A meat processing facility under construction at Vieux Fort will not be used to raise broiler chickens for meat production, Senator Dr. James Fletcher has said, as he attempted to put to rest concerns raised by the Opposition.
Government has said that the abattoir will be used for the slaughter of pig, cow, goat and other ruminants.
However, during the senate debate on the Appropriations Bill recently, Fletcher has had to discredit rumours from Opposition Parliamentarian Guy Joseph that the facility will produce broilers and cause unexpected costs for government.
According to the GIS website, the minister noted that, “Anyone who knows anything about meat processing, knows that you cannot process broilers together with ruminants. You cannot do it. You cannot do it on a top floor, in a basement, anywhere.”
“So for Senator Joseph to stand up in the Senate and try to mislead the people of Saint Lucia by saying the reason there are cost overruns with the meat processing facility is because this government has decided it will process broilers… he knows that is not true.”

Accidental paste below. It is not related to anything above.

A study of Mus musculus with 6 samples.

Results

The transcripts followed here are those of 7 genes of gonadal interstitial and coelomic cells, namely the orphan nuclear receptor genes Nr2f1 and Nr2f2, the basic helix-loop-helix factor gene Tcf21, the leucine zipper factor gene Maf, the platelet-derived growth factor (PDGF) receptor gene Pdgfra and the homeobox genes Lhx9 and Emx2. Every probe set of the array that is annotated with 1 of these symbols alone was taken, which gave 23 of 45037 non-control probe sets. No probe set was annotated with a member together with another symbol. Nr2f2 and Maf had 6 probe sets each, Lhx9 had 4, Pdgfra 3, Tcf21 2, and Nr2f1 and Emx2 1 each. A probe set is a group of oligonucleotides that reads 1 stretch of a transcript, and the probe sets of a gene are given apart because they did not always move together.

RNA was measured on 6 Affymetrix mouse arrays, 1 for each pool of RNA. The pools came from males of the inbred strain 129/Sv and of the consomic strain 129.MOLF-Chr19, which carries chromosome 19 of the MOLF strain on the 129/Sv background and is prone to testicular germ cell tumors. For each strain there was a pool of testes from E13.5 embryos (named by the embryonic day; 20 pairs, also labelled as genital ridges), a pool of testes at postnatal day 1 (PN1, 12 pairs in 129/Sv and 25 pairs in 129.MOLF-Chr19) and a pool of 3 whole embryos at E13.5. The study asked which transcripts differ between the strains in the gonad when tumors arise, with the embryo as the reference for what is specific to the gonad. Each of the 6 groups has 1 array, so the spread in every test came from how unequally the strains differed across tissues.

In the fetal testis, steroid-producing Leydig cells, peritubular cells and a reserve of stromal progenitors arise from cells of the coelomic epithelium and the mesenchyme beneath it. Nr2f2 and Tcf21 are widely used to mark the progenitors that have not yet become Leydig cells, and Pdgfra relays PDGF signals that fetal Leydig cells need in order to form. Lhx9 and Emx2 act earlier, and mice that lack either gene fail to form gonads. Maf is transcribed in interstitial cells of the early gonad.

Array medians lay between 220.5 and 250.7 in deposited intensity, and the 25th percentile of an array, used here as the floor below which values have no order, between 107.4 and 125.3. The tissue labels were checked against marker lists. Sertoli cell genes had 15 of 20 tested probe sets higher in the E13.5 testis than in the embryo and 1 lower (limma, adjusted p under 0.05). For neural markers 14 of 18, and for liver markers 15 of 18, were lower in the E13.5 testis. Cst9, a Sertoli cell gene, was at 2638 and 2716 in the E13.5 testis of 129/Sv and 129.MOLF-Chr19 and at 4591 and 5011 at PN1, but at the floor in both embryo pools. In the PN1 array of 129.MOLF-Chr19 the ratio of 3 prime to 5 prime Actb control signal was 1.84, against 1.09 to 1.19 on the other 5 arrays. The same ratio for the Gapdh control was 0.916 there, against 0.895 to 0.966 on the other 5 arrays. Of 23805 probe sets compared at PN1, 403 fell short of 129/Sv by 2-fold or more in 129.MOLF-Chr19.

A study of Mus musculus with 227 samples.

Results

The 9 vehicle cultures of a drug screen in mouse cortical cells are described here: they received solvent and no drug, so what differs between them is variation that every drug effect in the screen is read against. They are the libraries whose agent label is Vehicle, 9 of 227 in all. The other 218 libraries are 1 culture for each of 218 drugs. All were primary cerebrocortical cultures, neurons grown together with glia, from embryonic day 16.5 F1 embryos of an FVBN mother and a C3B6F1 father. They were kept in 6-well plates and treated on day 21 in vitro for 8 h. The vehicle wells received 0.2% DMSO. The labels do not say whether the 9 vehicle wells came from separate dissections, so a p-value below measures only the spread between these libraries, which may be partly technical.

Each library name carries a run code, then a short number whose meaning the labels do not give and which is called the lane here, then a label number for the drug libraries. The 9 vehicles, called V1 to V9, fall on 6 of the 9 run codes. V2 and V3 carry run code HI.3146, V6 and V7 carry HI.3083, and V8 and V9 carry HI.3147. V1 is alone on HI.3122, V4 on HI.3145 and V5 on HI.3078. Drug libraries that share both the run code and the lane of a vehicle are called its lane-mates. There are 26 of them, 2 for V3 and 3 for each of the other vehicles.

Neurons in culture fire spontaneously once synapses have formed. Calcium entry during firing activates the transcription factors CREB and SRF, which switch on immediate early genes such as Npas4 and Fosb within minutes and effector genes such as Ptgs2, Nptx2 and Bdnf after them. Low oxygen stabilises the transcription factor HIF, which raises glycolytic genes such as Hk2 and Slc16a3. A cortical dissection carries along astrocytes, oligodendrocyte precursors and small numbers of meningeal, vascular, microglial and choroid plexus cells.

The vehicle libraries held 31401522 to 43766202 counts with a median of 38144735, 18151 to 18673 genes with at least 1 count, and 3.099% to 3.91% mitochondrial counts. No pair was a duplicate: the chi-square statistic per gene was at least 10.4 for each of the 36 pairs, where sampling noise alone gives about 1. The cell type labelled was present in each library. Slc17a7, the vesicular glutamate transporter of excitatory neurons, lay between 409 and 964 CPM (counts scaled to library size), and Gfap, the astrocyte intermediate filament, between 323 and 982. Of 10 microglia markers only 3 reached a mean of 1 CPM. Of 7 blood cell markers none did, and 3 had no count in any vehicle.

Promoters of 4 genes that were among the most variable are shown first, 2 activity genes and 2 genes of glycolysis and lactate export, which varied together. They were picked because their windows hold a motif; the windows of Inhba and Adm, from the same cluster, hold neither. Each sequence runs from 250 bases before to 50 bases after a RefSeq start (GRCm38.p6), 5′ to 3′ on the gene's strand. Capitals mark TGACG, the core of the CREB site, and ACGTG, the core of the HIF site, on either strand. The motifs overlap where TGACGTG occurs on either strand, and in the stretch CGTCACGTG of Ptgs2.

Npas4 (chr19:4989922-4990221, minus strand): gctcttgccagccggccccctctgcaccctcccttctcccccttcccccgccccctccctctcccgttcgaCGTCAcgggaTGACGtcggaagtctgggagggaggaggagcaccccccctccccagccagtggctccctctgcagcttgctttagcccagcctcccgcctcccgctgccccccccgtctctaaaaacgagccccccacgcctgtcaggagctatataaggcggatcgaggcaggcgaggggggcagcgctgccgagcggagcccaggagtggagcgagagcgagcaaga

Fletcher explained that cost overruns at the facility stem from inefficient construction of the building, which the then United Workers Party Administration was warned about.
Senator Fletcher read from a letter to the previous minister for agriculture of the UWP Government in 2009 from former Taiwan Ambassador Tom Chou, cautioning of several construction and design aspects of the project.
“If its construction at this stage does not meet the standards or follow the drawings, the structure may very likely crack, deflect or even collapse at a certain point in time. That is the risk we cannot afford to take or accept,” Dr. Fletcher quoted an excerpt of the letter.
Fletcher explained that his administration has considered the recommendations made by the original Taiwanese designer for the project going forward.
Upon completion, the facility is expected to cost nearly $14 million dollars ($12-million grant funding contributed by the Taiwanese government. ($8 million towards the construction of the building and $4 million for equipment).
Saint Lucia’s contribution is valued at approximately $1.8 million.